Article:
Idaho’s Beautiful Community: Discovering Priest River and Its Attractions

Priest River Idaho – A Beautiful Community

Priest Lake Golf Course is a scenic and challenging course in a beautiful mountain setting. The course was recently expanded from nine to eighteen holes.

Priest River Elementary School is a highly-ranked school that ranks in the top 50% of Idaho schools for state testing proficiency (math proficiency is 44%, reading proficiency is 57%).

About Priest River

Priest River, Idaho sits at the confluence of two pristine rivers. Located 7 miles East of Washington and 75 miles South of Canada, this quiet community of 1,700 friendly people has a diversified economy primarily driven by timber and tourism.

The Priest River has a reputation for world-class fishing. In addition to world-class trout, the area’s many lakes – large and small – and the surrounding forests offer opportunities for boating, hunting and camping.

The region is also a geologic hotspot. Tectonic events associated with the Newport and Purcell faults exhumed Paleoproterozoic Belt Supergroup and Deer Trail Group rock sequences in this area of the state. These rocks preserve a record of the formation and early development of Laurentia with detrital zircon U-Pb isotope data.

Things to Do in Priest River

Priest River is a small, gorgeous community that’s full of fun things to do. It’s a place that makes you want to slow down, enjoy the beauty of nature and feel blessed to live here.

One of the most notable attractions in the region is the pristine and stunning Priest Lake, a crown jewel that beckons outdoor enthusiasts of all kinds to its shores. The primary lake, Lower Priest, stretches 19 miles and plunges over 300 feet deep while Upper Priest Lake is connected to the primary body via a 2.5-mile thoroughfare, offering even more exploration possibilities.

There are several hiking trails that crisscross the mountains surrounding Priest River, allowing you to take in the incredible scenery. Another highlight of the area is the local huckleberry scene, with places like Ardy’s Cafe in Coolin perfecting the art of mixing the sweet and tangy flavor of the berry with the smooth swirl of soft serve ice cream.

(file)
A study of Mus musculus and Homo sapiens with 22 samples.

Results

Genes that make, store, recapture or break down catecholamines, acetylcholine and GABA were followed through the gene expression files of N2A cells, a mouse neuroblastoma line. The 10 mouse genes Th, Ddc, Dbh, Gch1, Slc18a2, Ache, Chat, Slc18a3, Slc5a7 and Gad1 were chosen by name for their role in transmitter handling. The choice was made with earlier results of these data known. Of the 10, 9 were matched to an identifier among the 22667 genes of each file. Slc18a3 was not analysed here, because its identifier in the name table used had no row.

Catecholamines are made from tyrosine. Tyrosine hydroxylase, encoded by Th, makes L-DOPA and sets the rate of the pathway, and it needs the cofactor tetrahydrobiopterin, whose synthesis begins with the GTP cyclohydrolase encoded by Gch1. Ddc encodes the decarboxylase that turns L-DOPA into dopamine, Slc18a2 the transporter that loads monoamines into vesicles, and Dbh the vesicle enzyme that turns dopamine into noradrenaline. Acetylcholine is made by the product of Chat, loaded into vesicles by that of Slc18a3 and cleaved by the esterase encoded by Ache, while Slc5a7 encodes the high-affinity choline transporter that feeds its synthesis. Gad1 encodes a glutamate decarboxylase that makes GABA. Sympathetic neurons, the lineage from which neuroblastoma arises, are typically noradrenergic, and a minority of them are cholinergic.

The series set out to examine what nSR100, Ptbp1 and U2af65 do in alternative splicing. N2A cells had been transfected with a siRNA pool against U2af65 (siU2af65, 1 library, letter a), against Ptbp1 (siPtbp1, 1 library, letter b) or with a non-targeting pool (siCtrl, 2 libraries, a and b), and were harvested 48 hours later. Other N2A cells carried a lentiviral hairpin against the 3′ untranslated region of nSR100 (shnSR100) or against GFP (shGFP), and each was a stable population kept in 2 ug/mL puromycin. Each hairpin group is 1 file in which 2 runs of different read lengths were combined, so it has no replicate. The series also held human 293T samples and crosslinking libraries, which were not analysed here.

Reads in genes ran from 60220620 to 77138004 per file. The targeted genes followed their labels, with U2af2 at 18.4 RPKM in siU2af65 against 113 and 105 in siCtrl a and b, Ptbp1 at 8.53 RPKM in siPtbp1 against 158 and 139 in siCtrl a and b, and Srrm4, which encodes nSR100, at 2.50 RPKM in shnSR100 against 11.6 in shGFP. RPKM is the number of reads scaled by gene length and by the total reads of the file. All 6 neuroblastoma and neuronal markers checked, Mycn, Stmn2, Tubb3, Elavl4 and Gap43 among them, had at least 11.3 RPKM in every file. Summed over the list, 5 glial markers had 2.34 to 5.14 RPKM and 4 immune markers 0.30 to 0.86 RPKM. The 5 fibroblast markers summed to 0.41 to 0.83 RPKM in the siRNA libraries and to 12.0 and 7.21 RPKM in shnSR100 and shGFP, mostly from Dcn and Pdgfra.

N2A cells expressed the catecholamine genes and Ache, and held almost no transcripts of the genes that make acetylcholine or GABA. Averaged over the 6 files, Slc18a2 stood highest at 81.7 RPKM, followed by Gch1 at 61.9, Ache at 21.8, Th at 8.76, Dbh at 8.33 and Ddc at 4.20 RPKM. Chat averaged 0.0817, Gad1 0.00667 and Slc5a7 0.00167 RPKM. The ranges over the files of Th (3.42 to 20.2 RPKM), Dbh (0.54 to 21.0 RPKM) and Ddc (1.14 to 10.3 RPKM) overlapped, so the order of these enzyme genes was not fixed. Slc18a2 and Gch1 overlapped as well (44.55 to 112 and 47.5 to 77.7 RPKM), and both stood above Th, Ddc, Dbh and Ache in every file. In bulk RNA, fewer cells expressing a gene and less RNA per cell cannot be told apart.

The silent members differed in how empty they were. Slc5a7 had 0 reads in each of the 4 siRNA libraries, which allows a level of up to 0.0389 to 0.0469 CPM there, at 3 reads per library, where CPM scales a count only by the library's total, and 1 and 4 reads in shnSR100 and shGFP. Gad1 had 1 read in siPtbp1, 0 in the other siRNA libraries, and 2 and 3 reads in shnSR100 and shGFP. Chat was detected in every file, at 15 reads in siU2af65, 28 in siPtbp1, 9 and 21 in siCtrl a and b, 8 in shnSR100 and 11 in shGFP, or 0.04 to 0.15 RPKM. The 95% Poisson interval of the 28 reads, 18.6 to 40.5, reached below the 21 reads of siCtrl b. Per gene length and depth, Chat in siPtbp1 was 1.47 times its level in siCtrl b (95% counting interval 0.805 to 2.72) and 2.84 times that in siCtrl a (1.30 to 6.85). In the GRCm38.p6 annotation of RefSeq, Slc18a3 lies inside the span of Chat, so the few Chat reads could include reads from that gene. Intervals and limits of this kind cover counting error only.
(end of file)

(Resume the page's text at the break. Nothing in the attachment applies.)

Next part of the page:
Restaurants in Priest River

Priest River has many great restaurants, but the most amazing restaurant in Priest River is the one that overlooks a waterfall. This restaurant is the perfect place to eat with a view, the food is also delicious.

A city of 1,750, Priest River sits at the confluence of two pristine rivers in North Idaho’s Selkirk Mountains. The town grew in the 1880s when workers from the Great Northern Railroad arrived to lay track and cut timber. Many of the early residents were Kalispel Indians, and settlers included dozens of Italians. Today, locals with names like Naccarato and Lamanna may be descended from those early laborers.

The town’s public school, Priest River Elementary School, is rated within the top 50% of 707 schools in Idaho (based on state testing scores). Priest River High School is known for its golf course. The course is beautiful and challenging. It’s worth a stop on your trip to the Priest Lake area.

Shopping in Priest River

The locals love to shop at the many second hand stores in Priest River. It’s a great way to save money and find some unique treasures that you just won’t be able to get anywhere else! These stores have a variety of items, including clothing and furniture, at amazing prices.

Located in Idaho’s northern panhandle, Priest River is a recreation paradise surrounded by the Selkirk Mountain Range and bordered by Priest River and Pend Oreille rivers. This charming city enjoys clean air, clear water, and a friendly small town atmosphere where people greet each other in parking lots, at the post office, and in stores.

The town’s history is rich in timber and railroads. The Kalispel Indians inhabited the area before outsiders arrived in the 1890s to build railroad tracks and cut timber. The logging industry has been the economic engine of the town. In the early days, loggers hewn railroad ties on sleds pulled by horses and floated them down the Priest River to mills in town.